Monday, May 11, 2009

Who knows how to treat high blood pressure

We might wish that all the effort in hypertension research over several decades had determined an optimal approach for the treatment of hypertension. Instead, the proliferation of often-conflicting study results creates confusion and less certainly about an optimal approach. A public health approach would change the nation's diet, encourage exercise and launch a vigorous assault against obesity. Diet changes require less sodium, less sugar, less fat, more fruits and vegetables. Taking drugs is more popular since it requires no effort and no change in habits.

MDs are willing to prescribe several drugs to achieve “normal” blood pressure. In contrast, the US, the National Heart, Lung and Blood Institute the sponsor of the ALLHAT study, launched a High Blood Pressure Education Program in 2006. They hoped to encourage patients to adopt healthier lifestyles and to influence physicians’ drug prescribing habits. They stated that the basis for the program is the ALLHAT conclusion that " diuretics are more beneficial than calcium channel blockers (CCBs), angiotensin converting enzyme (ACE) inhibitors, or alpha-blockers as initial treatment to lower blood pressure and to protect against adverse effects of high blood pressure."

American Society of Hypertension issued Diabetes Guidelines 2008

ASH called for patient-centered management and early, aggressive treatment of hypertension in diabetics. Their advice might apply to everyone. The ASH urged physicians to adopt a more integrated, individualized approach to treating hypertension by treating the intricacies of each patient rather than focusing on the disease in isolation. Goal blood pressure in hypertensive diabetic patients remained 130/80 mm Hg. All patients should reduce weight reduction, improve diet, increase physical activity, limit alcohol consumption, never smoke and limit salt intake to less than 2.4 g/day. The report stressed a reduction to glycated hemoglobin [HbA1c] to less than 7% mantaining finger test fasting glucose levels in the range of 70-130 mg/d. Low-dose ASA (aspirin) 80 mg/day was recommended. Lipid leves in the blood should be: low-density lipoprotein cholesterol <> 40 mg/dL in men and > 45 mg/dL in women. Potassium levels should be kept to < 5 mEq/L.

2009 Update

In a best evidence review Vega stated:”Angiotensin-converting enzyme (ACE) inhibitors are some of the most commonly prescribed medications for hypertension. This enthusiasm for ACE inhibitors is somewhat inconsistent with current recommendations, which prefer thiazide diuretics as first-line medication for uncomplicated cases of hypertension. With the popularity of ACE inhibitors in mind, investigators conducted a systematic review of published studies to determine how effective the drugs actually are in reducing blood pressure.”

The conclusions: ACE inhibitors (benazepril, moexipril, ramipril captopril) were associated with an average reduction in systolic blood pressure between 6 mm Hg and 9 mm Hg and in diastolic blood pressure of 4-5 mm Hg; all drugs in this class are similar and achieved most of their power in reducing blood pressure at half of the maximum recommended dose, or less. Related drugs, angiotensin receptor blockers (ARB), provide similar modest reductions in blood pressure; 46 randomized controlled trials examining 9 ARBs, and found that average reductions in systolic and diastolic blood pressure were 8 mm Hg and-5 mm Hg, similar to ACE inhibitors. ARBs were effective at one eighth to one half of the manufacturers' recommended doses.There is no strong evidence that ACE inhibitors can prevent diabetes or heart failure.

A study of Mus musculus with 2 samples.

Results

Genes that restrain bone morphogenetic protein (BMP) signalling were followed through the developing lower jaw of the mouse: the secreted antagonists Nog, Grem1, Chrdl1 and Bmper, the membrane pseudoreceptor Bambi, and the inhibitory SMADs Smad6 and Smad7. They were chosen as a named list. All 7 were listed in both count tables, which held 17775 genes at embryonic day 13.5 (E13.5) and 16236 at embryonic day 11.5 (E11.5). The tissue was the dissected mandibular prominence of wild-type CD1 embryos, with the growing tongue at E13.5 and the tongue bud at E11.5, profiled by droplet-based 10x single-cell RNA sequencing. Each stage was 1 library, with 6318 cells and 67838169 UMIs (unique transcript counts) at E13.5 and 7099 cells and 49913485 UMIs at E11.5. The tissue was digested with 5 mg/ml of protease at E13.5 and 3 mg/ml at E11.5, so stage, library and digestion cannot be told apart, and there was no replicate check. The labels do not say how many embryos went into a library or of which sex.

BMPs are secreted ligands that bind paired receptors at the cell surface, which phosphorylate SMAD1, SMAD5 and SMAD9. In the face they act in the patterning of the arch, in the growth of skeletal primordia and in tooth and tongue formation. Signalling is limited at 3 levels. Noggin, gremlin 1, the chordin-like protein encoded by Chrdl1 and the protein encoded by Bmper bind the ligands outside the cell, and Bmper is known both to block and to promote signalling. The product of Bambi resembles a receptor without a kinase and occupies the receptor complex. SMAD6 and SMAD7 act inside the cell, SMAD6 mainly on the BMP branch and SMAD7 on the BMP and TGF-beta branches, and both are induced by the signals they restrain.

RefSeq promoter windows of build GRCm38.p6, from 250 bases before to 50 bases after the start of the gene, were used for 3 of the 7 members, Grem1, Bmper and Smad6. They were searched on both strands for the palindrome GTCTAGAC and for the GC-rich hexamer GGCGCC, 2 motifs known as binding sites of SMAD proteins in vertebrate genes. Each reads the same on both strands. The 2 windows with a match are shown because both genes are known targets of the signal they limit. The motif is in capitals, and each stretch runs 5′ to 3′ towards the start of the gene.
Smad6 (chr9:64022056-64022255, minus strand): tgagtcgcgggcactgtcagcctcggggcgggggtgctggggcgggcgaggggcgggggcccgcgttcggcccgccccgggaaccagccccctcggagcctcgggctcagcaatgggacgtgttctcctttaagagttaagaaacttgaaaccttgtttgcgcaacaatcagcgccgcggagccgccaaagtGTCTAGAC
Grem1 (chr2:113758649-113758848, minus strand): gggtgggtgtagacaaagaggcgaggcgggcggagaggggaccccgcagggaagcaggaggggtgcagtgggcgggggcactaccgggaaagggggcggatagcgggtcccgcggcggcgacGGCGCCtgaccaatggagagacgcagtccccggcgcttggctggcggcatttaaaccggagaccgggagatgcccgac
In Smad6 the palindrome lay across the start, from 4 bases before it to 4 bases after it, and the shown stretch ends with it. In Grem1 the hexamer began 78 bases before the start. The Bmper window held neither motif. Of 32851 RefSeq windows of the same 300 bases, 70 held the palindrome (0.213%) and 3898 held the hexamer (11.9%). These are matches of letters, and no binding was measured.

An analysis of the Treating to New Targets (TNT) study was presented at the American Society of Hypertension 2009 Scientific Meeting. Messerli et al published did an analysis of the INVEST study, a trial comparing two antihypertensive regimens in 22 576 patients with hypertension and coronary artery disease, and found that excessively lowering diastolic blood pressure was harmful. Messerli stated: "It stands to reason that when you lower blood pressure too much, you can do harm. After all, if blood pressure is zero, mortality is 100%. So somewhere there must be a nadir, below which the lowering of blood pressure becomes counterproductive."

Compared with the reference blood pressures -- systolic >130 to 140 mm Hg and diastolic >70 to 80 mm Hg -- patients with systolic blood pressure <110 mm Hg had a threefold increased risk of cardiovascular events, whereas those with diastolic blood pressure <60 mm Hg had a 3.3-fold increased risk of events. Messerli suggested that lowest point of inflection on the morbidity and mortality curves was 140.6 mm Hg for systolic blood pressure and 79.8 mm Hg for diastolic blood pressure.


Bakris GL, Sowers JR; on behalf of the American Society of Hypertension Writing Group. ASH Position Paper: Treatment of hypertension in patients with diabetes -- an update. J Clin Hypertens (Greenwich). 2008;10:707-713.

Charles P. Vega .How Effective Are ACE Inhibitors for Hypertension? A Best Evidence Review. Posted Medscape Online 03/13/2009

Heran BS, Wong MM, Heran IK, Wright JM. Blood pressure lowering efficacy of angiotensin converting enzyme (ACE) inhibitors for primary hypertension. Cochrane Database Syst Rev. 2008;(4):CD003823.

Bangalore S, Messerli FH, Wun CC, et al. J-curve revisited: An analysis of blood pressure and cardiovascular events in the Treating to New Targets (TNT) trial. American Society of Hypertension; May 7, 2009; San Francisco, CA.